Wood Bioenergy Project

Over the last decade, a rapidly expanding but destructive industry has grown in the U.S. based on cutting down forests to convert the wood into pellets for burning  in power plants, mostly in Europe.  The industry promotes itself as a “climate friendly” alternative to burning coal. But in reality, the manufacture and burning of wood pellets creates large amounts of air pollution—frequently illegally—and destroys woodlands needed for wildlife habitat, water filtration, the production of oxygen, and the sequestration of carbon dioxide. EIP’s work has revealed that more than half of the U.S. wood pellet plants built to feed foreign demand for biomass are emitting illegal air pollution or have failed to install legally-required pollution controls.

Mission:

Limit the growth of the wood bioenergy industry in the United States and the associated climate change driven by deforestation and air pollution.

Guiding Principles:

  • Burning wood biomass to produce energy generally produces more carbon emissions than burning fossil fuels per unit of electricity generated. Further, producing and burning wood biomass releases air toxics and other pollutants.
  • Successful advocacy depends on building partnerships with national, regional and local environmental, public health, and community organizations.

Current Strategies:

  • Review Clean Air Act permits for existing and proposed wood bioenergy plants to ensure that facilities are required to comply with all applicable aspects of the Clean Air Act.
  • Challenge permits in state and federal proceedings when permits fail to restrict pollution to legal levels or otherwise allow plants to skirt Clean Air Act requirements.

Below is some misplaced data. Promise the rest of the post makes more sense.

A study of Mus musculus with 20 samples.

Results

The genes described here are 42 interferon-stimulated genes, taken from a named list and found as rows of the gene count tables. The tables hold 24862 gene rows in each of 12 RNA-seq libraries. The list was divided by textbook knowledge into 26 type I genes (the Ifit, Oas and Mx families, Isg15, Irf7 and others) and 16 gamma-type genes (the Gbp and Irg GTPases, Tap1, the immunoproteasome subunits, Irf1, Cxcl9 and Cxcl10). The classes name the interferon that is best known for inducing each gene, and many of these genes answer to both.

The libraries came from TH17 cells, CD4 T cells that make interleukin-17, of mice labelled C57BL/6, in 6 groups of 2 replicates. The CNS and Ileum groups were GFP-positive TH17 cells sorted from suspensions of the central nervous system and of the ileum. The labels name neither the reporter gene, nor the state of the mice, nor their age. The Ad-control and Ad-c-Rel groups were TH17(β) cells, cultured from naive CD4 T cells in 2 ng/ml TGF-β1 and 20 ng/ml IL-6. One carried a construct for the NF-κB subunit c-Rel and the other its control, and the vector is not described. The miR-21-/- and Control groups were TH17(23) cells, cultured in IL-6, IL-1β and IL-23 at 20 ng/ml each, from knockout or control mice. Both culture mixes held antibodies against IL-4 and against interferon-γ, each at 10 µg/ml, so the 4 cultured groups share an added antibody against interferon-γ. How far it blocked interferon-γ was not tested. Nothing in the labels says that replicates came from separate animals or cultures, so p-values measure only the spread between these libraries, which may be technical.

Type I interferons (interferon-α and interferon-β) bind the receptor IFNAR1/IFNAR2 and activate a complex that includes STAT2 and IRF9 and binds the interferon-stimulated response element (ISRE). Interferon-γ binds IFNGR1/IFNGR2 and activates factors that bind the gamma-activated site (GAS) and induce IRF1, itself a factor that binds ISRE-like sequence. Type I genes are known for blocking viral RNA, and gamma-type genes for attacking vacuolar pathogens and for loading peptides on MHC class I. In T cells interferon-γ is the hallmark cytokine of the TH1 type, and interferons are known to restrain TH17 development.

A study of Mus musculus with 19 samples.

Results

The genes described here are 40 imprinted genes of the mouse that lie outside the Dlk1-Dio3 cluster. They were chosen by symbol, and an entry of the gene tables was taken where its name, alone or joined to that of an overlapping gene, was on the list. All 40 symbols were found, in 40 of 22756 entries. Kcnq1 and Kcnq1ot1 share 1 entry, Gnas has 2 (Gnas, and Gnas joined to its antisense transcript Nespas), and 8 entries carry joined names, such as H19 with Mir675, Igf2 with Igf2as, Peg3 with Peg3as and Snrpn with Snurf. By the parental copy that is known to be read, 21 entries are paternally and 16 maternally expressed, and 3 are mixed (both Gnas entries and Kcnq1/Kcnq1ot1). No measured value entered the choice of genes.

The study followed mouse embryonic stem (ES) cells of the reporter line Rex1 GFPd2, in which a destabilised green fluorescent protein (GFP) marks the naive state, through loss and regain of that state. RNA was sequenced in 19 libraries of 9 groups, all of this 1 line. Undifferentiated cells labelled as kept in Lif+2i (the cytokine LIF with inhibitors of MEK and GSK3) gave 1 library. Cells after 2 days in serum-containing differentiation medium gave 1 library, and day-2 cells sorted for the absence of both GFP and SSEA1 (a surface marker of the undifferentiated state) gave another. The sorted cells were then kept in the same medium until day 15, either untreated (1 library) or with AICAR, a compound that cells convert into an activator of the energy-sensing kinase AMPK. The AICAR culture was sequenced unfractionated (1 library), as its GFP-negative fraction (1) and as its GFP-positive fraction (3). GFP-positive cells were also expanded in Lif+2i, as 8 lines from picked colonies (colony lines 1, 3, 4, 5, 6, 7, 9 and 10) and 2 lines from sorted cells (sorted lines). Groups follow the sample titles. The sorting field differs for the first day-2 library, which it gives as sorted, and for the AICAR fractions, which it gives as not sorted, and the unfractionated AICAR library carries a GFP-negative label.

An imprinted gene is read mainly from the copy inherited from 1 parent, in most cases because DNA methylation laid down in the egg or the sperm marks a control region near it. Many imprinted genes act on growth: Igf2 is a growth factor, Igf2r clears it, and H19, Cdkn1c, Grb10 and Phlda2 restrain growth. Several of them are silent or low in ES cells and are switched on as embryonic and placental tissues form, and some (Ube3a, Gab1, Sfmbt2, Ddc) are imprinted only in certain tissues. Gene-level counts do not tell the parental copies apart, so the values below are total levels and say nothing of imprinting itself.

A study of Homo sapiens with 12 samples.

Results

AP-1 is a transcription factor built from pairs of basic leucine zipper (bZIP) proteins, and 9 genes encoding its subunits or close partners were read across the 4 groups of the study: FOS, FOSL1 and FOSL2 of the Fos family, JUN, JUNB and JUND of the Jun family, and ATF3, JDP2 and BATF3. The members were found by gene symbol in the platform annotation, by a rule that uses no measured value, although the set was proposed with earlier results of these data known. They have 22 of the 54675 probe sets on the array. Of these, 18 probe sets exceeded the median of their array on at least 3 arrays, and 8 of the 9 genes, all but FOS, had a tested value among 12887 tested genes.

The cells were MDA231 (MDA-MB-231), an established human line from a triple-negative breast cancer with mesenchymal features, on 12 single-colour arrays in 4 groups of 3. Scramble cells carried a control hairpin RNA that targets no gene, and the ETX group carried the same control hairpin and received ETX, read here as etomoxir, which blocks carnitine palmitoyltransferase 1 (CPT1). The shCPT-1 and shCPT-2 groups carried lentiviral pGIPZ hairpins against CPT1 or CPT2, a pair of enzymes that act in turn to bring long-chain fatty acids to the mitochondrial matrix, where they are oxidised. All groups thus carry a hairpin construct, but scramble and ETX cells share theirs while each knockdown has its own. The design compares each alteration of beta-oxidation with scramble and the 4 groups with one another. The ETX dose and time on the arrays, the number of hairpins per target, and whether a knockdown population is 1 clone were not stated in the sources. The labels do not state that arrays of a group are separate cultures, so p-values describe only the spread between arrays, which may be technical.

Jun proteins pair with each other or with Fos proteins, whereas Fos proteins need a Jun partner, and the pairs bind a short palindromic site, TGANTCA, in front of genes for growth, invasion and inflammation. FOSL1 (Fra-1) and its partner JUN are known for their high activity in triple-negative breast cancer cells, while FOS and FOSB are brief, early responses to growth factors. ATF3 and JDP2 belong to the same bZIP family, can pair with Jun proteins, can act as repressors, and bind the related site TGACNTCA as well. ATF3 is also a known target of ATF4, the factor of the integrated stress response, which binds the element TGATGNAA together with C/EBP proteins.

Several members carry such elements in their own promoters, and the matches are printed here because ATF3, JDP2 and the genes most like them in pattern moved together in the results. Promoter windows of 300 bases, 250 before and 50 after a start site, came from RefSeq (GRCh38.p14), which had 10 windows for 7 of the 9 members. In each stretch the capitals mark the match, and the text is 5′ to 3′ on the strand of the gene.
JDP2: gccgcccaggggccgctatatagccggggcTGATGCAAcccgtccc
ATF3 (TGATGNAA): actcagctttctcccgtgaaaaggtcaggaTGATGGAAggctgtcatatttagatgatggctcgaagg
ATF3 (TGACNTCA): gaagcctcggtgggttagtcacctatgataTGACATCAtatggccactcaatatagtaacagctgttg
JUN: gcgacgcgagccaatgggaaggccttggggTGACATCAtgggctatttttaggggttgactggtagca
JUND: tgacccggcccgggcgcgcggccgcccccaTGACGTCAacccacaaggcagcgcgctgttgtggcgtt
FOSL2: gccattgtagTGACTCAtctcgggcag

• Partner with organizations, such as Dogwood Alliance, Partnership for Policy Integrity, and Our Children’s Earth and Natural Resources Defense Council to educate the general public and impacted communities about bioenergy pollution.

Progress:

  • Since the Wood Bioenergy Project’s January 2017 inception, we have identified systemic deficiencies in Clean Air Act permits for wood pellet plants, challenged permits in seven states, and built a coalition dedicated to ensuring that bioenergy facilities comply with stringent air pollution control requirements.
  • We have developed considerable expertise in bioenergy plant emissions and technology, making us very effective at identifying Clean Air Act violations and challenging inadequate permits.

Research:

  • Our investigation revealed all wood pellet production plants permitted prior to 2014 dramatically underestimated projected air pollution levels, resulting in construction permits that unlawfully exclude air pollution control requirements for large air polluters. Moreover, states are attempting to renew these permits without addressing this ongoing noncompliance.
  • We discovered that numerous existing wood pellet production facilities are violating Clean Air Act requirements and that many proposed facilities are holding lax construction permits requiring inadequate pollution control.

Action:

  • We filed comments on wood pellet and biomass power plant permits in North Carolina, South Carolina, Georgia, Michigan, Mississippi, Texas, and Florida raising an array of Clean Air Act compliance issues; we are preparing comments on a permit for pellet plants in Alabama and Louisiana as well.
  • We opposed U.S. EPA’s proposed approval of a Georgia regulation that exempts bioenergy plants from certain Clean Air Act preconstruction permitting requirements.
  • We are developing strategies to address Clean Air Act violations at facilities where no permit proceedings are imminent and to block facility construction authorized by deficient permits.